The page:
Located just off the coast of Tuscany in the Tyrrhenian Sea, Isola del Giglio is an idyllic Italian island that has been inhabited since the Stone Age. It is the second-largest island in the Tuscan Archipelago, which is said to have been created by the scattered pearls of Venus’ necklace.
Things to do in Isola del Giglio
Spend a day exploring Giglio Port, a colourful town with a breezy seaside promenade lined with stores selling local ceramics and souvenirs. You can feast on freshly caught seafood at one of the waterfront restaurants or head to the small stretch of sand for a refreshing swim before sunbathing on the surrounding rocks. An abundance of marine life can be spotted while snorkelling offshore.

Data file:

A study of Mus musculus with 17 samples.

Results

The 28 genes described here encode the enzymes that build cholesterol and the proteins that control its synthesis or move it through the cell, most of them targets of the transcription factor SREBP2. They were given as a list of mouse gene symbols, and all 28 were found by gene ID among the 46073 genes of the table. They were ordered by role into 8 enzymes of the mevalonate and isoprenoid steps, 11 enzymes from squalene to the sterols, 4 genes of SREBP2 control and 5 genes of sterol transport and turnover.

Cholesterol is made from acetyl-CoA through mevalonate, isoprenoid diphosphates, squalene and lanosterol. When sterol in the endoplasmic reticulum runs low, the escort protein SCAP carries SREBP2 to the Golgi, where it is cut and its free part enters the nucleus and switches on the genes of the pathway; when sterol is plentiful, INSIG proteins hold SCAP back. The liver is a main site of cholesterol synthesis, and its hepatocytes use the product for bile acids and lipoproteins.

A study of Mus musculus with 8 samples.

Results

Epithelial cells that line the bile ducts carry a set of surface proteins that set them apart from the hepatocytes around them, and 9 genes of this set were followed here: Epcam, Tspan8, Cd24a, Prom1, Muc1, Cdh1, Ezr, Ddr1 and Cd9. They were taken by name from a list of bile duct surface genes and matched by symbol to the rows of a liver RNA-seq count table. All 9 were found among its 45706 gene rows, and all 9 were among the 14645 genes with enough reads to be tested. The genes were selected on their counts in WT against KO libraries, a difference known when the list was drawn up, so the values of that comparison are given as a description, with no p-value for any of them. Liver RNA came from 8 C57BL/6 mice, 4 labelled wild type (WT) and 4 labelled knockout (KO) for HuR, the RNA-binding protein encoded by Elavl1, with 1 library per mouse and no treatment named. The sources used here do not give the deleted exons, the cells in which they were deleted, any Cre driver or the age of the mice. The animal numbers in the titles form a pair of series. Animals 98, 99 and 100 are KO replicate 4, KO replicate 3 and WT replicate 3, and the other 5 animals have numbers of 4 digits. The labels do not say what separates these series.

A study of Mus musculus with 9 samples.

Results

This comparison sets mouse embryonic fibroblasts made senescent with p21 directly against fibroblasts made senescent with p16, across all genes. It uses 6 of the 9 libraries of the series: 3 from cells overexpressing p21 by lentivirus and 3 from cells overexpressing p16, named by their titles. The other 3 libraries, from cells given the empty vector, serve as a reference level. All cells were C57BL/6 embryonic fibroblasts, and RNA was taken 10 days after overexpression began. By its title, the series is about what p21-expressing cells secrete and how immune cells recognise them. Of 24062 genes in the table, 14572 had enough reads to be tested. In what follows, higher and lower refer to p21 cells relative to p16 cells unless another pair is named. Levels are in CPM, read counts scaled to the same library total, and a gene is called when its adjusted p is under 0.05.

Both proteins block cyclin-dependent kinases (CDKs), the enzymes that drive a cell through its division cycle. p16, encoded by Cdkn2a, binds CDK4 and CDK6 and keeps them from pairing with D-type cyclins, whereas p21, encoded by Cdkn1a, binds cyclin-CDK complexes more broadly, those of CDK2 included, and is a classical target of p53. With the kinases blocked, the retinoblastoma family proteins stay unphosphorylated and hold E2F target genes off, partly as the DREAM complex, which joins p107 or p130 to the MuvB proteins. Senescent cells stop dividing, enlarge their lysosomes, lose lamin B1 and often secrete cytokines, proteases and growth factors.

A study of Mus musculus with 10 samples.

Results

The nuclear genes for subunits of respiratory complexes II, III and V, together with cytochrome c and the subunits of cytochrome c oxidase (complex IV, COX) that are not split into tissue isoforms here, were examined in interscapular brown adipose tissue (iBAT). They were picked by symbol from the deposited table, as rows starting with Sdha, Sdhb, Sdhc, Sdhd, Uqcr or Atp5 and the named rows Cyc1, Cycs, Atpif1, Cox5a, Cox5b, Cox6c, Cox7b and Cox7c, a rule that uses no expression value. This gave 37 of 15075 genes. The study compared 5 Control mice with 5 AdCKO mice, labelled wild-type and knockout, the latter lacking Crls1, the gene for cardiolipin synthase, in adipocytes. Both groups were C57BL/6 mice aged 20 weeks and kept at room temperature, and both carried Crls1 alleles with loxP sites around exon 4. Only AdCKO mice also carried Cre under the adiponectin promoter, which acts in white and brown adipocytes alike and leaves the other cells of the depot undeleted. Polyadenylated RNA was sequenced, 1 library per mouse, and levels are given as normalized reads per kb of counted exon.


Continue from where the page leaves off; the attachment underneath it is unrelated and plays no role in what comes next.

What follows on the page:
Not far from Giglio Port is the Roman Villa of Giannutri, which dates back to the 2nd century AD when it was built by the Domitius/Ahenobarbus family. Now managed by Tuscan Archipelago National Park, it can only be visited as part of a guided tour. Don’t miss the Chiesa di San Pietro Apostolo in Giglio Castello, which houses an ivory crucifix that has been attributed to the Italian Renaissance sculptor Giambologna.
Several hiking trails traverse the island’s ancient Roman roads and offer magnificent views across the Tyrrhenian Sea. To discover some of the hidden coves that ring the island, rent a boat for a day of swimming, snorkelling or scuba diving. Several shipwrecks dot the coastline, with the most famous of these being an Etruscan vessel dating back to the early Iron Age.
Getting around Isola del Giglio
Regular ferries travel from Porto Santo Stefano on the Italian mainland to Giglio Port. Buses connect the main settlements of Isola del Giglio while scooters and cars can be rented for getting around. Port Giglio is small enough to explore on foot.